The three members of the Texas Public Utility Commission (PUC) seem in agreement that the cap on the peak price for wholesale power should be raised. They’ll likely finalize a massive increase this summer.
Then, the big question: will it encourage power generating companies to build more plants in Texas as intended? Or will it only encourage profit-taking and possibly even market manipulation?
At a meeting of the PUC April 12, there was disagreement over how to implement a higher cap on the price allowed on the spot market, typically a factor in extreme weather when power use surges. The current cap has been tripled in recent years and is now the highest in the nation at $3,000 per megawatt/hour (during normal times, the price per megawatt/hour can be $50 or less). The commissioners are considering raising the cap to $4,500 this summer and to $9,000 by 2015.
“What we’re trying to fix is, the prices in the wholesale market are not high enough to attract investment. Would you agree with that?” asked PUC Chairman Donna Nelson to commissioner Kenneth Anderson.
“Well, I’m not sure they are. I’m not sure I agree now. They have jumped, just the changes we’ve made if you look at the averages…”, responded Anderson.
Anderson detailed what he figured was the spread between average prices and what would happen if the $3,000 capped-price kicked in on the hottest summer days when demand spikes.
“You’re carting away money, not in wheelbarrows, but in Mack trucks,” Anderson said.
But that’s the theory behind dramatically raising the price cap: if the Texas electricity market is seen as lucrative and a good bet for profits, investors will be willing to fund the construction of new power plants. The state has warned that with a growing population, power generating capacity is not keeping up.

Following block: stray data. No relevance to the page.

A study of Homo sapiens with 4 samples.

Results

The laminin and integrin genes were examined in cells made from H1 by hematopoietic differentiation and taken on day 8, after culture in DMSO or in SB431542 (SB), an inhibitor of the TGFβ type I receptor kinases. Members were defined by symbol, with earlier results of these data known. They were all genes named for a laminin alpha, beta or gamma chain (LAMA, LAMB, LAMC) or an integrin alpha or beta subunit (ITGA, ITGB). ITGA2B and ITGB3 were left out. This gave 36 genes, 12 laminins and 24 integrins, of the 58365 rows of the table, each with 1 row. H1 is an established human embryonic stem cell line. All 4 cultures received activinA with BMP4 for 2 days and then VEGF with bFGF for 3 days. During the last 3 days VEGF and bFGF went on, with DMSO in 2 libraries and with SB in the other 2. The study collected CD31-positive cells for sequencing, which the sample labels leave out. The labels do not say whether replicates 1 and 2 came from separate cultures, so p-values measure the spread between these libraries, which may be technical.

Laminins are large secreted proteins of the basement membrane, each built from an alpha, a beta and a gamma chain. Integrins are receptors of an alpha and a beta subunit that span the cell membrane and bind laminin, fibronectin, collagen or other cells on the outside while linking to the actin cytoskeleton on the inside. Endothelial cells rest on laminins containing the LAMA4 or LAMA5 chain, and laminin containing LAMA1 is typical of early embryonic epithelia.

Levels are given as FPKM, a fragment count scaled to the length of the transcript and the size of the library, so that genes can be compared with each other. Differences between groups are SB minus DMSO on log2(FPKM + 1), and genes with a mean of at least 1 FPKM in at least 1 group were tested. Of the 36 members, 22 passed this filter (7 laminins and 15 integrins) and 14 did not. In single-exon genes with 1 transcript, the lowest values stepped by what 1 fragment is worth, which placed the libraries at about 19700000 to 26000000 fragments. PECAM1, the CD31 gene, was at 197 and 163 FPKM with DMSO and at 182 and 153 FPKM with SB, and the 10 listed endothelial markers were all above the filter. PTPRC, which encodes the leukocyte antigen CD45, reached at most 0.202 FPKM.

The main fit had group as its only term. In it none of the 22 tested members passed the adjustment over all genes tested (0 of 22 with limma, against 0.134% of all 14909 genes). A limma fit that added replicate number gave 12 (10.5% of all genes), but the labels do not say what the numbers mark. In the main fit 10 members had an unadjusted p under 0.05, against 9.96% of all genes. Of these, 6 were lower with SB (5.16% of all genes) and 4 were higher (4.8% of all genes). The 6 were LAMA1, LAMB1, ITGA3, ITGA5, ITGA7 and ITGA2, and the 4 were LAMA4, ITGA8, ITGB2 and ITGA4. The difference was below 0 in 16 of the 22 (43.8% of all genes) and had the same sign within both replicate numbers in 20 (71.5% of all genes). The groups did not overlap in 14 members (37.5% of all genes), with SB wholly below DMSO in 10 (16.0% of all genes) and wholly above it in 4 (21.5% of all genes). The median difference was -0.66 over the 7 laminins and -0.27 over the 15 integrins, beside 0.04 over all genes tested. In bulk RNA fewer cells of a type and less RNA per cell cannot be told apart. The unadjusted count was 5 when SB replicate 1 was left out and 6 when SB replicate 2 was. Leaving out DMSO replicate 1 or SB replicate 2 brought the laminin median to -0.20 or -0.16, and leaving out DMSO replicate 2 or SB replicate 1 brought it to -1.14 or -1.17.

“And the longer we wait for investment, the clearer it is we’re going to have a problem having enough electricity,” said the PUC’s Nelson.
When Texas lawmakers “deregulated” the market for electricity in 1999, they left it up to free enterprise to build new power plants. Other states impose fees or taxes to gradually raise money to fund new plants. And therein lies a problem according to one nationally prominent utility consultant.
“Texas is the only state in the U.S. that has this curious system,” said Robert McCullough, of McCullough Research in Portland, Oregon.
“What has happened since Texas adopted these rules? Nobody’s built any capacity.”
McCullough contends that by raising the price cap so dramatically, it will only encourage power companies to not build more generating capacity. He said if companies keep supplies tight, they can profit more by taking advantage of the sky-high prices when demand spikes.
“Not only are we creating an incentive not to build new plants, we’re creating an incentive that might lead some traders to create artificial shortages. Now, that sounds like a conspiracy theory and it is a bit, but it’s not as if it’s a conspiracy theory that we haven’t seen before,” said McCullough, referring to incidents in California, Texas and New York where there have been allegations that energy traders manipulated the market to drive up prices.
McCullough said Texas already has higher electricity prices than most of its neighbors (see his graph below). He predicts the higher price cap would make Texas power even more expensive.
“Here we have a state with more energy than almost anywhere else in the world, and yet it has what could only be called a failing electric system,” McCullough told StateImpact Texas.
A spokesperson for the PUC said commission members could not respond to questions from StateImpact Texas until the public comment period on the price cap issue expires at the end of May. The issue has come before the Senate Committee on Business and Commerce, which oversees the PUC. But efforts to reach the chairman of the committee, Sen. John Carona, a Republican from Dallas, were not successful.
One Texas lawmaker who has written the PUC with his concerns over the effect raising the price cap is Sen. Sylvester Turner, a Democrat from Houston.
“If we’re talking about the summer and everybody’s turning on the switch pretty much at the same time, and the price of energy spikes, every one of us will be paying considerably more,” Rep.Turner told StateImpact Texas.